Malory Towers review: A delightful adaptation of Blyton’s books
Brendon Connelly | On 03, May 2020
The new CBBC adaptation of Enid Blyton’s Malory Towers is a sensitive and deft adaptation that squeezes a lot of juice from the original books. Even still, despite the boost in pacing, the honing of characters and drama and an increase in genuine warmth, Malory Towers might just seem too parochial for some. This writer – who admittedly has an inexplicable weakness for boarding school stories – was usually rather engrossed and found the series quite delightful.
The story starts when 12-year-old Darrell Rivers is packed off on the train for her first term at the titular boarding school. We can look closely at this opening scene for great examples of how – admittedly with the benefit of hindsight and a lot of heavy lifting already done by the books – screenwriters Rachel Flowerday and Sasha Hails have tidied up Blyton’s beginning. Not only does the TV adaptation bring together a few flowing scene-lets from the prose into one, tight sequence at the train station, it injects just enough urgency and excitement, starting literally with the blow of a train’s whistle and a last call for passengers.
Unlike in the book, Darrell’s with her whole family at the station, presenting a clear reminder of everything she’s about to leave behind. This even includes her sister Felicity, who, while absent entirely from this section of the book, goes on to board at Malory Towers herself and was the central character in a series of sequel novels.
The opening scene also demonstrates how this show makes the very most out of Blyton’s best material. Darrell’s exchange with her parents cuts right to the heart of what these stories are about – especially in this new incarnation. “Darling, you’re going to get a lot from this school,” says her mother, before her father adds: “Make sure you put a lot back.”
This whole message was delivered by Darrell’s father in the book, where he qualified that Darrell would get a lot from Malory Towers “because it’s a good school”. There’s less judgment in this version, which also gives Darrell’s mother more weight as a moral guide. It’s a beautiful, gentle bit of adaptation, symptomatic of the care taken throughout these screenplays. Better still, there’s a new callback to this moment later on that, just for a moment, looks like it might be too on-the-nose before bringing a tear to your eye.
The remainder of the series details Darrell’s new friendships and rivalries at boarding school, and charts her growth as well as – very importantly – her mistakes, both new and old, and the atonement she must make for them. The books already felt quite episodic and soapy, but the show makes the most of both qualities, and does a great job of in delivering complete episodes that have defined emotional stakes of their own alongside an unobtrusive series arc.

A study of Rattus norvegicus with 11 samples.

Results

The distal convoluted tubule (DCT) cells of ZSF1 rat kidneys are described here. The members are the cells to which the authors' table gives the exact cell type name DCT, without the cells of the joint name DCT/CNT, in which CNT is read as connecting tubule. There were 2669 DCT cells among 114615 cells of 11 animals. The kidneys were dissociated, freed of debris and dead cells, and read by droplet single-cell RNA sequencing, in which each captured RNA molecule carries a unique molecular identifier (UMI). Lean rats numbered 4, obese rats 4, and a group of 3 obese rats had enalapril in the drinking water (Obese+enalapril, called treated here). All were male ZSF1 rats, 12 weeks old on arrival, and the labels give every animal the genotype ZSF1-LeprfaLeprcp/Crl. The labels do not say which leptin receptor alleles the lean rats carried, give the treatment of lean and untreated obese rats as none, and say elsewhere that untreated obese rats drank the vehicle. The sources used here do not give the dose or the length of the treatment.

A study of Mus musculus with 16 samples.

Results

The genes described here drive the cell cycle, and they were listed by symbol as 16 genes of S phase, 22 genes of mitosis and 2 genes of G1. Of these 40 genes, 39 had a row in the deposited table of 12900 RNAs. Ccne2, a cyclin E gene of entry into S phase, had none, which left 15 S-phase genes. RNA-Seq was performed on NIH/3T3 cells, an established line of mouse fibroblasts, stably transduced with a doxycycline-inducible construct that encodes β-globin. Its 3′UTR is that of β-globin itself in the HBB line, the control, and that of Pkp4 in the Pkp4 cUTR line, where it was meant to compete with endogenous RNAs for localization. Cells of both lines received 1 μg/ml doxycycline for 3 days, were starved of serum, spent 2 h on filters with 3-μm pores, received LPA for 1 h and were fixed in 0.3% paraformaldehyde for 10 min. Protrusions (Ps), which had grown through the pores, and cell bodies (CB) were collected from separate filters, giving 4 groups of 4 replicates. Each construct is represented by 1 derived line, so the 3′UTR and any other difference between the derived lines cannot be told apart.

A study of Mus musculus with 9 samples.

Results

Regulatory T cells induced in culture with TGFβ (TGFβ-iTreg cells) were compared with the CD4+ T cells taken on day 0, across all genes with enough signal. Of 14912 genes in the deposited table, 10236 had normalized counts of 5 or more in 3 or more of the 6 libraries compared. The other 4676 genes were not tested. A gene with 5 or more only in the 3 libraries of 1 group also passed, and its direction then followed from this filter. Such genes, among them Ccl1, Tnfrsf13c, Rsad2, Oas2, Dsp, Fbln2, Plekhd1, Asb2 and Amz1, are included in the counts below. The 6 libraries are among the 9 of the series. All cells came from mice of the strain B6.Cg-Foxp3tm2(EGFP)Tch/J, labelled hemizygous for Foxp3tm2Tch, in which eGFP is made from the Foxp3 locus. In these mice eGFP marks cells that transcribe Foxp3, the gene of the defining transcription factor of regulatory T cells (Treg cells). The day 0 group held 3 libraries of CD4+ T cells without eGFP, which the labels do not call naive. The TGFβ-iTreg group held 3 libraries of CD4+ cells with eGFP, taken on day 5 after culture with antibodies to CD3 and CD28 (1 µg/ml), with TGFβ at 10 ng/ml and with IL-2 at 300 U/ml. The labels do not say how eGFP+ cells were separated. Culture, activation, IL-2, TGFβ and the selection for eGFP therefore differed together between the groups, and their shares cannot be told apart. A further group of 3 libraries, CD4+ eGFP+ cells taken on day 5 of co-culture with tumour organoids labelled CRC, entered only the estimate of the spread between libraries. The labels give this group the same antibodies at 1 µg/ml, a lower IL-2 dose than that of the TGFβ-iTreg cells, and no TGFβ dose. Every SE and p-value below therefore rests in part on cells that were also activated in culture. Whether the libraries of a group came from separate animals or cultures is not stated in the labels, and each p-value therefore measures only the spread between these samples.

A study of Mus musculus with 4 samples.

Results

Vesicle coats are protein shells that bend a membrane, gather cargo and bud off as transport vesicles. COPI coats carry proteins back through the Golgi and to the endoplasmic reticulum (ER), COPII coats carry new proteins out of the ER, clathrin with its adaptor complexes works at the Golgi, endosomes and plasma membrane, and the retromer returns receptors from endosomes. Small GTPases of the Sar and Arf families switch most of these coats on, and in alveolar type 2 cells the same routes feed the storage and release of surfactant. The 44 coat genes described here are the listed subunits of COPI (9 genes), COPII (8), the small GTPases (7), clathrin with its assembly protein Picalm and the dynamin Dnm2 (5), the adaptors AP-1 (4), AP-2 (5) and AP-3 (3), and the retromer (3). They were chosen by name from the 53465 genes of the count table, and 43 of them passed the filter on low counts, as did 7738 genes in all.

Because Blyton was writing in the 1940s, it might be easy to assume the books were cosy, but a lot of creaky old attitudes were baked-in and, camouflaged by the broader cultural context, can sometimes go unchallenged. Thankfully, this new adaptation is far warmer and more universally affirming, while never feeling like a radical overhaul.
It’s easy to spot a number of additions and alterations, whether that’s the more realistically diverse cast of girls in the North Tower or an exchange about how women are able to do equal work to men. These nips and tucks are all very welcome; they do a lot to ensure this new Malory Towers offers genuine messages of positivity and empowerment that the original books fell just a little short of.
The glamour and excitement of the series’ wish-fulfilment world have been amplified visually too, with great locations in Canada and Cornwall employed to create a striking boarding school and surrounds. When the girls go swimming, for example, the rocky coast is quite beautiful on screen, with vivid colour work and a glowing, cinematic look. Many of the episodes were directed by Bruce MacDonald, one of the most prolific filmmakers in Canada – who also shot several episodes of Creeped Out for CBBC, as well as making numerous bona fide cult movies, such as Pontypool and Hard Core Logo. He makes it look easy, in fact, capturing a smooth, cogent style for Malory Towers with lots of style but not a bit of fuss.
There’s a lightness and sweetness to Malory Towers, and its retro-tropes will understandably be hard for some to swallow, but there’s nothing conservative or arrested about this new adaptation – and this writer was certainly glad of its welcoming, generous and friendly company.
Malory Towers is available on BBC iPlayer.